2. If one owns a typical 8 bit home computer that 30 years ago communicated with a cassette recorder/datasette, what are reliable mass data storages as of today for these machines - beside using a PC's sound card?
  3. In case someone is interested, the community around the JU+TE computer (aka Tiny computer) is still alive: https://www.robotrontechnik.de/html/forum/thwb/showtopic.php?threadid=16542 https://www.tiny-computer.de/
  4. I completely agree. A couple of years ago I've developed my own code to control LCD displays or I2C devices using Arduino. Because of that they only could do exactly that what I needed, not more, and (to me) the code was understandable even when looking 2 years later at the code.
  5. The last couple of days I've tried to learn something new with desktop/mobile application development using Kotlin, Jetpack Compose, Gradle, you name it. I have the strong feeling that this is much harder though the availability of tutorial than learning how my 8-bit computer was to be programmed. OK, one reason of course, is, that I'm older now, but I'm also quite certain that the complexity has increased significantly. Unfortunately, the most tutorials start on a too high level for me. They explain how to achieve this or that with the help of high-level tools like Gradle and Android Studio to build something and at the end of this process something happens in the emulator - or shows a result. For me, I think, it would be much easier to understand if they would start low-level, compile this file with the compiler, bundle all together with this command line call. Unfortunately, programming 8-bit computers does not help me for my business...
  6. Yes, the problem with the iPad is that no programming environment is preinstalled. Same for the iPhone, Android, Windows, macOS. But programming for Linux is also not that easy because there is a large back box between your code and the hardware.
  7. Well, I also remember my first steps in the Win32-API using TurboPascal. Man, those were days! It was amazing how well everything fitted together and allowed to create applications that looked and behaved like normal Windows applications.
  8. Latency never, really never, was a problem for me on a Windows-/Linux-PC or Mac. Though I know how my 8bit machine worked (from hardware to software), I've did not reach this level of knowledge for a modern PC (I'm a Java developer since >20 years). There is a lot of abstraction that hides the details - modern processors are much more complicated beasts than 8bit processors. Think about multiple threads, memory not accessible for different processes, ways of leaking information from other threads. But this is not bad in general, the details are not necessary for a normal application developer any more. But as a consequence it produces application bloat - think of some RGB keyboard configuration software that would not fit on a CD or operating systems that require downloads of ~15GB.
  9. I'm not sure whether you'd consider it as 'modern game', but I'm a big fan of Commandos (e.g. Behind Enemy Lines and Men of Courage). I started to like it during my study in the 90s but I also played it last year again.
  10. There is the X16 hardware and the software. Each is IMHO independent of the other. Maybe licensing the early versions but planning to switch to an Open Source OS later would be a reasonable plan. Using other FPGA hardware as starting point could be a boost to quicker develop the Open Source OS while the X16_dil needs to wait for available chips. Sometimes, when the parameters change, it makes sense to change the plan, too, or reorder the plan's subtasks.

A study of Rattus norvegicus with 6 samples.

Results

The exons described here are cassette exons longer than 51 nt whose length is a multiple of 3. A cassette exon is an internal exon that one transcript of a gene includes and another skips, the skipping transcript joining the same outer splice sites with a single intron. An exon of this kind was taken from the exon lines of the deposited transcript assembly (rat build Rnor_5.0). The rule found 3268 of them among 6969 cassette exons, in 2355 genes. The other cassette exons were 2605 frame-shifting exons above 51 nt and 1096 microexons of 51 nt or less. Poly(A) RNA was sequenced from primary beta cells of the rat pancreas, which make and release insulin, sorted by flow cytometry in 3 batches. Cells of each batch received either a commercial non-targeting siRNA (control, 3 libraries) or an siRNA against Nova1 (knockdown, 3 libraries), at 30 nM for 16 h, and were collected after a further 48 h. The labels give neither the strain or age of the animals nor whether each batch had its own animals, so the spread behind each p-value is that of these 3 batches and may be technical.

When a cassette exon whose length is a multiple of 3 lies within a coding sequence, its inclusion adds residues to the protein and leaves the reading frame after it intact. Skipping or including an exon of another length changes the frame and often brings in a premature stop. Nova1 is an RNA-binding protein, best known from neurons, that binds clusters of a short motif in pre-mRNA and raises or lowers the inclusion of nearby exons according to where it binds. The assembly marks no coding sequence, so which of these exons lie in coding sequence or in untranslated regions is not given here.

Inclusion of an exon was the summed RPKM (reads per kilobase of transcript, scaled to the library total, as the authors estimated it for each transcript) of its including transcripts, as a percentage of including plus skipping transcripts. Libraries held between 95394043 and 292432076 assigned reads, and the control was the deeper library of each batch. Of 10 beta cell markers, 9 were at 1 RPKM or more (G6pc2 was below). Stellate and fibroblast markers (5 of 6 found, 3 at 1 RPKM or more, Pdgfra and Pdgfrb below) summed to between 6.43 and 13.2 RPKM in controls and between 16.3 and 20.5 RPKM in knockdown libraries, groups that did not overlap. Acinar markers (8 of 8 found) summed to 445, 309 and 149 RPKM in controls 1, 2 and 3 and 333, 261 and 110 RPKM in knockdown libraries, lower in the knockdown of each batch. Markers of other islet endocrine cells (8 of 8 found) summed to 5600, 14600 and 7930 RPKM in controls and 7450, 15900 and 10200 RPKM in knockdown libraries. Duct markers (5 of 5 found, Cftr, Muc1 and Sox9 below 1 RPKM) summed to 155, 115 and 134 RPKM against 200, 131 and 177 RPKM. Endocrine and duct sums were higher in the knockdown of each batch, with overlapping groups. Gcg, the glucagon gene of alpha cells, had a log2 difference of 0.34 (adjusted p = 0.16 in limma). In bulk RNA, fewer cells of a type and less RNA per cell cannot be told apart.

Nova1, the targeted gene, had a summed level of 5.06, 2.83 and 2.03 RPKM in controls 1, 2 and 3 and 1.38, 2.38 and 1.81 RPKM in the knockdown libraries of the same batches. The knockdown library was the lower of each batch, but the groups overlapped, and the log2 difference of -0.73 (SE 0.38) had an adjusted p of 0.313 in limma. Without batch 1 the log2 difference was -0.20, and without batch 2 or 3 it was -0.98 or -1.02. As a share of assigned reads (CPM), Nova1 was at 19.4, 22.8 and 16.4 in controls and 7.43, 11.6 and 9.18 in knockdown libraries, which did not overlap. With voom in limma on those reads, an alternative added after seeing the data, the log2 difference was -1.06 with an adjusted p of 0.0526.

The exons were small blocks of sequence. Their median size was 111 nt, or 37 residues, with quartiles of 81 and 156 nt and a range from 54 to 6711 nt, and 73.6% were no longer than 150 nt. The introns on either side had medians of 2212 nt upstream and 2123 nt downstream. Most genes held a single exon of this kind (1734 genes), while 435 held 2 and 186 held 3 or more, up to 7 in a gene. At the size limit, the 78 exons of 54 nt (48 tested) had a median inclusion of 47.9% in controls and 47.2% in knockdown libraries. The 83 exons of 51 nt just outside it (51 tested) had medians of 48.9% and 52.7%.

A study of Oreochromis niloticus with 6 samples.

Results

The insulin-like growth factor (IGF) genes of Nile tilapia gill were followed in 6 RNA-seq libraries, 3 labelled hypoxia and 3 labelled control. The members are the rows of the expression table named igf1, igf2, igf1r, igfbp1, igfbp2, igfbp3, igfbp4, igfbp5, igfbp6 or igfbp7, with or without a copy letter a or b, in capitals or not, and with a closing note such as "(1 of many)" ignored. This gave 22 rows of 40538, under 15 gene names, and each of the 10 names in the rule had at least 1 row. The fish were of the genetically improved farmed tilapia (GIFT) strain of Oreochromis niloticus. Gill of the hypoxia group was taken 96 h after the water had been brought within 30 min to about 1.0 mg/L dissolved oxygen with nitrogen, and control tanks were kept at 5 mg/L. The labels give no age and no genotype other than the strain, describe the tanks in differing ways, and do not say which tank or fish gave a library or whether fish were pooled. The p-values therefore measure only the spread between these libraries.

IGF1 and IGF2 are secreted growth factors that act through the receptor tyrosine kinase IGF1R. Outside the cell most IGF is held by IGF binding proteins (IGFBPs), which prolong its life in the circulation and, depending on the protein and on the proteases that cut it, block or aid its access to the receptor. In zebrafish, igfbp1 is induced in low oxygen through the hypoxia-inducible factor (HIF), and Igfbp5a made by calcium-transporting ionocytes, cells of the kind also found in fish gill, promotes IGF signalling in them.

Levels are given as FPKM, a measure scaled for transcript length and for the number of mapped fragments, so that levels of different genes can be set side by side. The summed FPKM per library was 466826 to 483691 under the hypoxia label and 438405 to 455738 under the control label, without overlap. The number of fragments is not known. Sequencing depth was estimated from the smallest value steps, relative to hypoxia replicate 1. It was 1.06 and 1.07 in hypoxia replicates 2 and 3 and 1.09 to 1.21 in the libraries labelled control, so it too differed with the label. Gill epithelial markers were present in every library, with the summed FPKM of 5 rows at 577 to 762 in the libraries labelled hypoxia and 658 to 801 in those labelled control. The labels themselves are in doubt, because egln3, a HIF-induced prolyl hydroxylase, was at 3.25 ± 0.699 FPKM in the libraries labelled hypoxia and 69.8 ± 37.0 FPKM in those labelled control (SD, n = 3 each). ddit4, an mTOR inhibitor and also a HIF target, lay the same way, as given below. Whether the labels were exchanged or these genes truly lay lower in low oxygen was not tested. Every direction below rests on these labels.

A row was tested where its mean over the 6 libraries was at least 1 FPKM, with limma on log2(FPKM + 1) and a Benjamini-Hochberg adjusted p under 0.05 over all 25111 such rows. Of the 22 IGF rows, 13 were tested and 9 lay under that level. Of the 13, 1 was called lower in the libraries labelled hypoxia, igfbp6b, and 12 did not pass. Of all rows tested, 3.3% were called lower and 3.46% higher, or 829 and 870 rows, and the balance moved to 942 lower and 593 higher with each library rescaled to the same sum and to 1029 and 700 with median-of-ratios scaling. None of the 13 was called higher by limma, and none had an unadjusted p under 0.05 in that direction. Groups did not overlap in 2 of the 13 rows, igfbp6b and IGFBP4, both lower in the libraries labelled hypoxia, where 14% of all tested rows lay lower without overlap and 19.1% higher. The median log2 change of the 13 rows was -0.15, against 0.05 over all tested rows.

11. I think, what contributes to the appealing is the balance of possibilities and limits. With the success of the PC started an era where one with more money could purchase a better PC than his friend - I remember a friend of mine at the beginning of the 90s was proud of having an 80MB hard disk which already was filled by the half with applications. An 8bit computer has strict hardware limits, so the wow-effect was larger if some smart guys (or girls) had squeezed out some nice graphic effects or cool sounds. I also think, that 8bit computers mostly attract people who had them in their childhood, so it's rather the hope to get back a little bit of the feelings of youth ("the good old times"). I'm quite sure I couldn't convince my childs to look at them a second time. I only would receive a glimbse of compassion.
  12. E.g. the SiDi FPGA or ZX-Uno+? That way people could get hands on some real hardware instead of just an emulator. Those people who want the DIL throughhole version of the real X16 will buy it anyway if it comes out after the chip shortage. The only problem I see is, that there might not be an FPGA description of the whole X16 yet.
  13. Why you are interested in 8bit computers like the (Commander) X16? What makes them better for you than modern computers like a PC/Mac or Raspberry PI? What makes them different to Arduino?
  14. The emphasis laid on "it would have a real CPU" (probably in contrast to some emulation or FPGA) and the 6502 only was mentioned in the accessory sentence. So it seems, both views are valid.
  15. With better I mean for example: 1) does it need additional chips for timers, ports? 2) are other processors with more registers faster/slower for the same tasks? 3) what is the available max. clock count (related to 2)? Independent of that - how large is the effort to adopt software to run on the X16, especially compared with other 8-bit processors? IIRC, the 6502 was not part of the "dream 8-bit computer definition".